Current account deficit at 3% of GDP in 2017

Elmira ArnabekovaFebruary 07, 2018

A negative value of the current account fell by half to $4.7 billion (3.2% of GDP), compared to $8.9 billion in 2016 (6.2% of GDP), which is in line with our expectations. In the 4th quarter of 2017, the current account for the first time in the last two years reached a balance of almost zero ($80 million, 0.1% of GDP). However, despite the reduction in the current account deficit, the value of the errors and omissions also hit a fairly high level, almost 1.7% of GDP, which may be caused by the outflow of capital that is not registered in the balance of payments.

Exports of goods in 2017 increased by 32% compared to previous year. In the structure of exports, there is a significant growth in export of raw materials; its share amounted to 69.5% of all goods traded abroad (for comparison, 59% in 2016). The main contribution to it was made by crude oil export, as there was a rise in prices and an increase in physical volumes. Out of the 72.9 million tons of oil produced in the country, about 68.5 million tons (+11.5% yoy) were exported during the year, in 2017 the average price of Kazakhstan oil was $387 per tonn, ~$53 per barrel (+25% yoy).

Revenues from non-primary exports (petroleum and chemical products, copper products) increased by 12% yoy, while physical volumes decreased by 15%. At the end of the year, the share of non-primary exports was about 38% (against 41% in 2016).

Imports of goods according to NBRK increased by 13.1%, which, amid the suppressed demand and lack of financing from the inflow of direct investments, showed a slowdown from the second half of 2017. The largest increase in the structure of imports, according to our calculations, showed consumer goods (+$1 billion to $8.8 billion), accounting for about a third of all imports into the country.


The inflow of capital in the financial account decreased by one third to $5.5 billion in 2017. The inflow of direct investments decreased by 74% at once to $3.5 billion, while the sale of NF assets ensured an inflow of $5.5 billion in the portfolio investments of the financial account. Banks during the year mainly were engaged in repayment of liabilities, providing an outflow of $0.9 billion.


The NBRK's reserves decreased by $1.6 billion as a result of operations related to the balance of payments, which is apparently caused by a decline in the NBRK's liabilities in foreign currency to banks. At the same time, the increase in the volume of monetary gold and its value, as well as due to operations for NF assets conversion, this decrease was compensated (reserves of the National Bank increased for the year by $1 billion). The overall balance of payments totaled -$1.6 billion.

Our opinion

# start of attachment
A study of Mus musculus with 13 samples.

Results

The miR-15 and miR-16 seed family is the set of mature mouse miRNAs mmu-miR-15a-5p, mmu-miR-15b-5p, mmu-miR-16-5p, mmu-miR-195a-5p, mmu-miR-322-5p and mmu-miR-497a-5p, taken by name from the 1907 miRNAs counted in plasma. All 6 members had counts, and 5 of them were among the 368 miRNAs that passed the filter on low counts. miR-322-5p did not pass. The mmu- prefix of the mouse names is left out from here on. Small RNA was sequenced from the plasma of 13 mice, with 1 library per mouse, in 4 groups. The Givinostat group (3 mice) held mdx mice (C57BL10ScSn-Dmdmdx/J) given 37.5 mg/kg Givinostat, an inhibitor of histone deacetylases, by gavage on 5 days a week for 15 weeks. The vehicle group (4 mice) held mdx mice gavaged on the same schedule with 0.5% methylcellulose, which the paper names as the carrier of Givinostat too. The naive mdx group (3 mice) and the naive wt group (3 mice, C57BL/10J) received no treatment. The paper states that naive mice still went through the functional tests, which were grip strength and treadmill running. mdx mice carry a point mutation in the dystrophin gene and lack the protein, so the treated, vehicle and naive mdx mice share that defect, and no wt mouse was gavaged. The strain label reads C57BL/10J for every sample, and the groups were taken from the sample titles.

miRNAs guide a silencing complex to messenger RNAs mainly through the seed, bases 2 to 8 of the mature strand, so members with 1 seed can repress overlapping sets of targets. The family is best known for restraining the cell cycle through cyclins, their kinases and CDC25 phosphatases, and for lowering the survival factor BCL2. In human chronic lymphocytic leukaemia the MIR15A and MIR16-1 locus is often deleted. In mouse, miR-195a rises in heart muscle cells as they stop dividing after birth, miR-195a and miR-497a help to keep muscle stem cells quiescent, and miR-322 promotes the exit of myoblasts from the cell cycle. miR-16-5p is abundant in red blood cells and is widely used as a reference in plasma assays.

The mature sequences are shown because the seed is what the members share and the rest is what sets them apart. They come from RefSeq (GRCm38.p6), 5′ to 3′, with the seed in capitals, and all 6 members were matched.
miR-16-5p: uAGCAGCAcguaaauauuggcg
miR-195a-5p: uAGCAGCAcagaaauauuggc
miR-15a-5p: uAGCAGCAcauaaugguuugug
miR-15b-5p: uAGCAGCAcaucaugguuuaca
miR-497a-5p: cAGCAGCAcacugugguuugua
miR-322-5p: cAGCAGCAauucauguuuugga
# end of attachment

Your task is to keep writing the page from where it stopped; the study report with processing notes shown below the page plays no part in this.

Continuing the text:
According to our calculations, an increase in the average price index of export goods by 19% yoy (indirectly reflecting the increase in world oil prices), outpaced the growth rate of the import goods index (+5% yoy). As a result of that, terms of trade improved by 13% compared to 2016 (while, on average, the index decreased by 8% yoy in previous year).

In general, the 1% yoy improvement in terms of trade (TOT), according to our estimates, contributes to the growth of the trade balance by 1.5% yoy; hence, an approximate contribution of TOT is at the level of ~20%. Therefore, other factors, such as an increase in the physical volume of exports, as well as a slowdown in the dynamics of imports in the second half of 2017, in our opinion, are important factors for the trade balance improvement by almost twofold (+90% yoy).

We also note that despite the growth of the reserves of the National Bank in 2017 by $1 billion to $30.7 billion, the reserve assets of the NBRK of $1.6 billion were used to finance the operations of the balance of payments, which is the maximum for the last three years. Despite the reduction in the current account deficit in 2017, the value of the errors and omissions also reached a fairly high level, almost 2% of GDP, which may be caused either by understating the outflow (understating imports, payments of primary income to foreign investors; unaccounted increase in assets, decrease in liabilities), or overstatement of the influx (overstatement of exports, income gained; unaccounted increase in liabilities, reduction of assets).

Therefore, there was a dual picture of the country's balance of payments. On the one hand, a rise in prices for commodity and an increase in export volumes helped to reduce the current account deficit, but, on the other hand, a rather high value of unaccounted capital outflow is of concern. In these conditions (with a comfortable level of reserve assets of the country), the main fundamental factor affecting the course in the medium term is the trade balance. Accordingly, oil prices (as one of the main components of exports), which generally retain favorable prospects in 2018, in our view, will have a direct impact on the exchange rate.